Preface: Believe it or not, I have never seen Les Misérables performed in the theater nor have I read the book. I have seen parts of the 1930’s film but otherwise I am a Les Mis newbie. This means I don’t have any frame of reference as to whether this version butchered or glorified the story.
That being said let me now say – wow. By the end of this film, there wasn’t a dry eye in the house…except mine. Sorry, I am a bit of a hard sell. Nonetheless, I heard sniffling and witnessed eye wiping all around me as the cast sang the finale. I have a question for all you Les Mis experts, is the stage play done as a musical or an opera? The movie was sung in its entirety, which I do believe classifies it as an opera of sorts. If I’m wrong on this, please correct me.
Regardless, Tom Hooper did an excellent job at exploiting the emotion in this heart-wrenching tale of French revolution misery. Some might say that there were too many close-ups during the solo performances, but I think that was a solid choice. I say that because in a theater performance the audience is only privy to one shot, a long or extreme long shot. A close up enables a viewer to connect to the pain written all over the face of the actor as they sing of their woes. The most touching was that of Fantine (Anne Hathaway) as she sings her iconic song, “I Dreamed a Dream.” Although I was sure they would use some of the long shots shown in all the previews with her singing but instead they chose a close up for the entire song. The filmmaker also chose to show Javert’s entire fall from the bridge, all the way down to him breaking his back on the jetty. I suppose it was symbolic of his broken soul that teetered on the edge throughout, but it did warrant a mild gasp.
It seemed obvious that the filmmakers chose to exploit all the angles, mise-en-scène, and realism that a theater performance would never be able to furnish. I, personally, appreciate it because I don’t want to see a theater performance on film – if I want to see theater, I’ll go in person. I know some get uncomfortable with excessive close up shots but I think it was only utilized when there was poignancy. As for talent, I think Hugh Jackman and Anne Hathaway outshone the rest of the cast. Jackman as Jean Valjean was perfect because the man is A) ridiculously talented and B) impossible to dislike. Hathaway was reaching deep for her part and I think she was successful in displaying complete despair. Sacha Baron Cohen and Helena Bonham Carter were brilliant as the inn keeping con artists, which gave the dark story some much needed humor. Amanda Seyfried and Eddie Redmayne were also good, but not particularly exceptional.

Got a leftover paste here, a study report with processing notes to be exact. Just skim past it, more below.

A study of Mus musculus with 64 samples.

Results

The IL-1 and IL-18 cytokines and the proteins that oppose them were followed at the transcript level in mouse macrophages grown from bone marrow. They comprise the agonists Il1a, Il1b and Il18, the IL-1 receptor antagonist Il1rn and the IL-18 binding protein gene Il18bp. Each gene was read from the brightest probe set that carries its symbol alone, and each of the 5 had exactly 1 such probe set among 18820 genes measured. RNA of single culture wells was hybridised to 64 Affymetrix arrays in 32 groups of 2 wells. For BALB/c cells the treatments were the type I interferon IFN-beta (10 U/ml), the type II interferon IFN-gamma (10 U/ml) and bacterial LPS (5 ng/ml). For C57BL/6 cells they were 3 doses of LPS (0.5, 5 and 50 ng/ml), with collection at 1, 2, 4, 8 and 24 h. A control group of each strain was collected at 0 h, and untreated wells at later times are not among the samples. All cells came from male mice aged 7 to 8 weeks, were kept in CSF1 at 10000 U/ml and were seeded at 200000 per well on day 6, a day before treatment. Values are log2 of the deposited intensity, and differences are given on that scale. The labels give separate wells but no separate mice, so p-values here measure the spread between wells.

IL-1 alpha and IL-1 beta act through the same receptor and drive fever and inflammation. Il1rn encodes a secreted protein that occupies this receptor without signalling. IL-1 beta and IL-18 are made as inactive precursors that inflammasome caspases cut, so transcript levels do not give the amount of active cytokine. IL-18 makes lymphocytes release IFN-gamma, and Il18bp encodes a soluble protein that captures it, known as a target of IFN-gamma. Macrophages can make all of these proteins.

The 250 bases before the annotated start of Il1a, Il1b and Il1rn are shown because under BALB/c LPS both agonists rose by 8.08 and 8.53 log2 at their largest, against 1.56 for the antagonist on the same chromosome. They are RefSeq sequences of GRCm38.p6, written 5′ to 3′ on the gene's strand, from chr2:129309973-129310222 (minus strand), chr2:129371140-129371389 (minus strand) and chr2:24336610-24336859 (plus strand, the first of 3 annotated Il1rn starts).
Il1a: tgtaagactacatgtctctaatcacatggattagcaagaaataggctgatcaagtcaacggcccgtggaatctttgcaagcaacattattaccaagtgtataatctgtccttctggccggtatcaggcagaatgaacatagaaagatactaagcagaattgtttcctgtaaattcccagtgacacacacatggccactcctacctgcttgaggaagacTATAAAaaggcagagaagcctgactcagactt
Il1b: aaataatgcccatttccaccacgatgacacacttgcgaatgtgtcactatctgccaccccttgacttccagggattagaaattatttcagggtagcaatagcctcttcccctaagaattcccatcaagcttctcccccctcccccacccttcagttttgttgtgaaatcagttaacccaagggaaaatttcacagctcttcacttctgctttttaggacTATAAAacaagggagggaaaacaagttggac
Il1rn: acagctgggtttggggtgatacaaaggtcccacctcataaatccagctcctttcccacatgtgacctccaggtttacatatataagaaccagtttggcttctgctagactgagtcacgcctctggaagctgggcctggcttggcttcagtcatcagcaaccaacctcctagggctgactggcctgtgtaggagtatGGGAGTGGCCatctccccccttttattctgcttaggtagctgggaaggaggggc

I have to give the most credit to the director, Tom Hooper, for a fantastic rendition of a classic. I think he directed Hugh Jackman to an award winning performance (Golden Globe, anyone?). I think fans of the musical or the book should give this version a shot, even nubes will most likely enjoy it. However, be aware that EVERYTHING is sung. Final assessment: I highly recommend this film.